Eleven academics from diverse disciplines and institutions, both from within the United Kingdom and abroad, presented on different subjects, including the potential for academic research of translation as collaboration - ‘translaboration’, the social impact of translation practices within legal studies and non-governmental organisations, and the translation of ideology through visual iconography in Iranian graffiti.
The workshop was attended by Cornelia Zwischenberger from the University of Vienna; Sarah Maitland and Martin Waldmeier from Goldsmith University; Wine Tesseur from Reading; Michele Brunelli from the University of Bergamo; and Steven Cranfield, Alexa Alfer, Barbara Sonczyk, Paresh Kathrani, Luis Martins and Coco Nijhoff from the University of Westminster.
Zwischenberger from Vienna set the scene for the workshop by looking at how the concept of translation could be adopted by different disciplines to expound the collective transfiguration of ideas, or ways of thinking, from one form to another.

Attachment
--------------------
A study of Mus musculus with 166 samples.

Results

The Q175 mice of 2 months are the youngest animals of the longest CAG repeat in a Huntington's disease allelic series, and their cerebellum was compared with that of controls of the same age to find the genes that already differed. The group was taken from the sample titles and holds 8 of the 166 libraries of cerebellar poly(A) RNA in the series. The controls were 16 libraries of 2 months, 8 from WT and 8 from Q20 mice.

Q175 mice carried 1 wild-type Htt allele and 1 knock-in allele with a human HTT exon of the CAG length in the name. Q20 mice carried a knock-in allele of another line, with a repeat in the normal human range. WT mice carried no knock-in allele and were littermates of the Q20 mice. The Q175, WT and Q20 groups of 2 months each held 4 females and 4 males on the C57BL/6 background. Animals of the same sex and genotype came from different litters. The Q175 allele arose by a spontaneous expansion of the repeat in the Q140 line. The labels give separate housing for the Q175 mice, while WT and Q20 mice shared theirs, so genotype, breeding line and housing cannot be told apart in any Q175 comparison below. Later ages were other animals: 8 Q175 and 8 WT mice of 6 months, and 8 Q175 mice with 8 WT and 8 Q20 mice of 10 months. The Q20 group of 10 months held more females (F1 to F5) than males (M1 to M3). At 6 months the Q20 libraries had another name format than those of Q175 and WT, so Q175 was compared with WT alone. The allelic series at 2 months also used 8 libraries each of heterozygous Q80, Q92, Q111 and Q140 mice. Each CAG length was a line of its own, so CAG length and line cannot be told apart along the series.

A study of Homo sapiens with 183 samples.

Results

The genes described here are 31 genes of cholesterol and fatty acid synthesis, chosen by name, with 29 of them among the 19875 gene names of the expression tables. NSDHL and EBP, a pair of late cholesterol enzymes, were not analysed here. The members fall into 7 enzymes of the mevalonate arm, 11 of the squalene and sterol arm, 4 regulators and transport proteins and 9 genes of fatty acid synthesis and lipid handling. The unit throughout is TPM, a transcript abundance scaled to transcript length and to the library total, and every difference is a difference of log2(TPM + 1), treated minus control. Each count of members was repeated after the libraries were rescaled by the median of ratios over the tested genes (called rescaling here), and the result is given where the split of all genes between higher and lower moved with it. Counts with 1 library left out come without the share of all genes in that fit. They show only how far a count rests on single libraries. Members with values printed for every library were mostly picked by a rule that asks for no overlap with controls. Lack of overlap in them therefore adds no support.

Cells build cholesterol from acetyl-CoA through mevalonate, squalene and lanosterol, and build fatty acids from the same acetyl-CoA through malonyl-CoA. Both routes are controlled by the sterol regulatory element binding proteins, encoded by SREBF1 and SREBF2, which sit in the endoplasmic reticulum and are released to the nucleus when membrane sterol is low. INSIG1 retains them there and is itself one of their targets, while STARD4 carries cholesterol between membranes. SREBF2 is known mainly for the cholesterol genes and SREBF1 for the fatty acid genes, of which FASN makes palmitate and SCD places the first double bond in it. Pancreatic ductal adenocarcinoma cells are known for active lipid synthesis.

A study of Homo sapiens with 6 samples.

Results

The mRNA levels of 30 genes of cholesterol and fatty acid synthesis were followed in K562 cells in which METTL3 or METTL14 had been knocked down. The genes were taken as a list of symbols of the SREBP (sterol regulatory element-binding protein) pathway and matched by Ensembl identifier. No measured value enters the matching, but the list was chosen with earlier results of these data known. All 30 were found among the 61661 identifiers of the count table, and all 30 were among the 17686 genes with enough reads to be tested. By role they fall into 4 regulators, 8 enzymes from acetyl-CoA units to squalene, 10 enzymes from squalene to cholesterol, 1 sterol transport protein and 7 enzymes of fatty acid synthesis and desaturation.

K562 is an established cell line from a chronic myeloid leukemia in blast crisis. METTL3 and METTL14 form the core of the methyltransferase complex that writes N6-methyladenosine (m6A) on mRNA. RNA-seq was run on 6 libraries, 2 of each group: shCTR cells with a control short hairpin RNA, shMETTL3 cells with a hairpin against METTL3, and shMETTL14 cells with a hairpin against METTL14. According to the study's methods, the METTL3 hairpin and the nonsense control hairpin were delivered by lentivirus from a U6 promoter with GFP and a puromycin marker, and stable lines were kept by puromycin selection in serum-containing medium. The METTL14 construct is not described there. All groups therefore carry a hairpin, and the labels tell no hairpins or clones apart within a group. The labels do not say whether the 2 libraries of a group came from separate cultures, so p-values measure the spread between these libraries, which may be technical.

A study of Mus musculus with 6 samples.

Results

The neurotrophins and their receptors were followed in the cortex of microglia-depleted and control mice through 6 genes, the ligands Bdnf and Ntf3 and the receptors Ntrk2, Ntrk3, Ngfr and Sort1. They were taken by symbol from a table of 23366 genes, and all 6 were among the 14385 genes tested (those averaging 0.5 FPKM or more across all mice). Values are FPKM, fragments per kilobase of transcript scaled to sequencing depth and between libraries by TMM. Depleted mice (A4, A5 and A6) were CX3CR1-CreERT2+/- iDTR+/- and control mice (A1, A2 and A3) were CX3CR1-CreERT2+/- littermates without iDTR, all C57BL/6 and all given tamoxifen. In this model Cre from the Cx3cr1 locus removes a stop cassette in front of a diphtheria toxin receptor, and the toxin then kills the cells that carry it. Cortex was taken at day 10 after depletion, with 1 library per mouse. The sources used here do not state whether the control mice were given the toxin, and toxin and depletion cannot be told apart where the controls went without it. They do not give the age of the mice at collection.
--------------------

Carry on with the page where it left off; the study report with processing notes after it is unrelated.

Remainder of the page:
The idea of heterogeneous change at and across different levels was a subject that arose in a number of other speaker’s presentations. Cranfield from the University of Westminster for instance used Paul R. Carlile’s intricate knowledge translation framework to explain how information technology innovations in the National Health Service may impact on behaviours and practices across many different stakeholders. Maitland from Goldsmiths explored the ontology of how political statements could be transformed and used against politicians as satire.
The urgency of change emerged as a key thread in all eleven speakers’ presentations and a broad discussion took place touching upon all the themes raised by the speakers.
A series of Translaborate events are planned for the coming academic year 2016/17.
To be added to the mailing list, please email Alexa Alfer from the University of Westminster’s Department of Modern Languages and Cultures, Steven Cranfield from the Department of Leadership and Professional Development, or Paresh Kathrani from Westminster Law School.
Look for the hashtag #translaborate on Twitter.